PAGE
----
Update: In a late Saturday night vote, Congressman Cooper voted in favor of a sweeping health care reform bill.
U.S. Representative Jim Cooper joined only two House Democrats to vote against passage of the Americans with Disabilities Act (ADA) in 1990. Four hundred Democratic and Republican lawmakers approving the historic legislation [403 to 20] apparently didn’t dampen his certainty that his colleagues were wrong.
Later, he joined Tom Delay and some others to oppose the final Senate-House conference version that passed the House [377 to 28] and became law under President Bush’s signature.
Following House passage, Rep. Cooper was quoted as saying he was “for disability rights” but added that the ADA “is so poorly drafted that many, many small businesses will suffer unnecessarily.”
Those that drafted it had a different view.
Former Senator Robert Dole said the ADA “seeks to end the unjustified segregation and exclusion of persons with disabilities from the mainstream of American life.” He concluded it was “fair and balanced” (Fox News would be proud) legislation that “carefully blends the rights of people with disabilities ... with the legitimate needs of the American business community." So too did Newt Gingrich and even Strom Thurmond, and fellow Tennessee Rep. Bart Gordon, all of whom supported the ADA when the historic moment came.
Rep. Cooper, a man I proudly support with my vote, was wrong about the ADA. Since its enactment (and its recent amendments), although flawed like many laws, it has been universally lauded on both sides of the aisle as a powerful and effective expression of our country’s commitment to the equality, dignity and freedom of each American.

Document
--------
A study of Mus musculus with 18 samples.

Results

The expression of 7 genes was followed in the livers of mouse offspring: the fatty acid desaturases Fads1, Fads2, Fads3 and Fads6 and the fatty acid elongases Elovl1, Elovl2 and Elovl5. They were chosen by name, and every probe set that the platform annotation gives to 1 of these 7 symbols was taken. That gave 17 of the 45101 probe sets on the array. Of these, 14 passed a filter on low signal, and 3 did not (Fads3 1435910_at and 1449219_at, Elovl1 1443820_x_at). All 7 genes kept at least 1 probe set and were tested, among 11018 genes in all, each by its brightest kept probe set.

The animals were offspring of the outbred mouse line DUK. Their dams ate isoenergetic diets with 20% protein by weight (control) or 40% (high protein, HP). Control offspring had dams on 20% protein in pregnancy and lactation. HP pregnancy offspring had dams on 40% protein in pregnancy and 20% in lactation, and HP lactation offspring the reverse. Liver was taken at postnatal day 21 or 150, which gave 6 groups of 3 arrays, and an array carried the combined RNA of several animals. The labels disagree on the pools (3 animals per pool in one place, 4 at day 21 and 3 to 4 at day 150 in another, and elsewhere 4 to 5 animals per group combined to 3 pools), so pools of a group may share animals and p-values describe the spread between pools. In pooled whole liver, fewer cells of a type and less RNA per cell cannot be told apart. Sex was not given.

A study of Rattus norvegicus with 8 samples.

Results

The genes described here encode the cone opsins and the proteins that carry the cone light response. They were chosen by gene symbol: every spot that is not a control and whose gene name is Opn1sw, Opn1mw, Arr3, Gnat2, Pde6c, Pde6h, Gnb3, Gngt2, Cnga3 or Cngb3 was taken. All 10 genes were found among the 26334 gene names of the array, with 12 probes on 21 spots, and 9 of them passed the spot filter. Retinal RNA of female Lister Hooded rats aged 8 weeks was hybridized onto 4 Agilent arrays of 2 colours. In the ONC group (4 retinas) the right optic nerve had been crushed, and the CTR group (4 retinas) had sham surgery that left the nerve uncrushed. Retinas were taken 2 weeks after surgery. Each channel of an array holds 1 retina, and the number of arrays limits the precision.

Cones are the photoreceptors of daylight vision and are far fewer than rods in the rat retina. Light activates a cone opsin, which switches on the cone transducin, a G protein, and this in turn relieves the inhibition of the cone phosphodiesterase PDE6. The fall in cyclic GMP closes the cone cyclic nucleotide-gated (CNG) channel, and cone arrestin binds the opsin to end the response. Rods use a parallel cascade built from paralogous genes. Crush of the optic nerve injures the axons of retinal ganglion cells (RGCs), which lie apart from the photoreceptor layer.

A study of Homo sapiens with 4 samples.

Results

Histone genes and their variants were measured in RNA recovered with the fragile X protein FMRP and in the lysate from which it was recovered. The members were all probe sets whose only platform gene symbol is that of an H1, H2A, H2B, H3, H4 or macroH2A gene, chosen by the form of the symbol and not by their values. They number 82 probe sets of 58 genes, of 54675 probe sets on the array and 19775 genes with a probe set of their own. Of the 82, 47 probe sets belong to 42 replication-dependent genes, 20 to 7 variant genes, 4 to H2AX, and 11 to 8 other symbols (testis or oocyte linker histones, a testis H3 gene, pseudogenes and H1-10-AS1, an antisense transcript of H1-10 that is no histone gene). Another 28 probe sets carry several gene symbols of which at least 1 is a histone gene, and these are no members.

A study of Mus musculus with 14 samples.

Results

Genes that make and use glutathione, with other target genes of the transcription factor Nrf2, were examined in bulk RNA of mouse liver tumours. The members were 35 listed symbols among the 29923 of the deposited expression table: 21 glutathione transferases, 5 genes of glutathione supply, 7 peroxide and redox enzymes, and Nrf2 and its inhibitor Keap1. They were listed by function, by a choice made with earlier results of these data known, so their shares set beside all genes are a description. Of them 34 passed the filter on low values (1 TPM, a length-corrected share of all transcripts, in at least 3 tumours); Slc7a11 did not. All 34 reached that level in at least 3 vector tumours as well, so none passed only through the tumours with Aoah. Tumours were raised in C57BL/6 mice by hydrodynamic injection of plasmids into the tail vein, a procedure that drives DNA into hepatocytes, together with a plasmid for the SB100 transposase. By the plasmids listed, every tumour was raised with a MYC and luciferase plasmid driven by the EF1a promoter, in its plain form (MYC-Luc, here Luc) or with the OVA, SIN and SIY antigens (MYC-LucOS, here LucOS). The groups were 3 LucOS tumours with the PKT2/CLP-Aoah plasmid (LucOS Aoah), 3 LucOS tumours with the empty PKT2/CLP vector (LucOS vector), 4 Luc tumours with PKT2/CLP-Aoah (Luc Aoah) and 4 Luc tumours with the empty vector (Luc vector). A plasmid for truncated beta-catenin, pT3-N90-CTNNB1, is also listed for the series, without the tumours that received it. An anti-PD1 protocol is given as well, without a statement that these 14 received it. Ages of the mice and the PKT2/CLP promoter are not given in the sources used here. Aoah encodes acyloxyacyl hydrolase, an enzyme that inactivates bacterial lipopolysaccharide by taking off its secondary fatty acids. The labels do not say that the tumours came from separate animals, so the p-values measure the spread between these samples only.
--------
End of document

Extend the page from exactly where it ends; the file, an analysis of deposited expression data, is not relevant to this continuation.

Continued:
Which brings us to today’s health insurance reform debate. It’s unclear, but Cooper at least seems poised to vote against any bill he has not drafted and considers flawed. This in the face of millions of uninsured and underinsured Americans, rising health care costs for everyone and repeated practices of persons denied care when they get sick.
Don’t get me wrong; I’ve got nothing against smart people (some of my best friends…). We need more of them, and Rep. Cooper is often labeled the smartest man in Congress with good reason. We need smart people with no room for flaws for things like rocket ship designs and brain surgery. But when it comes to Congress, sometimes we need smart folks to also be effective lawmakers.
When the historic moment comes, here’s hoping the effective Rep. Cooper we all love shows up, not just the smart one who voted against the ADA.
Byrd is a Nashville attorney and former Washington, D.C. Bureau Chief for the Associated Baptist Press.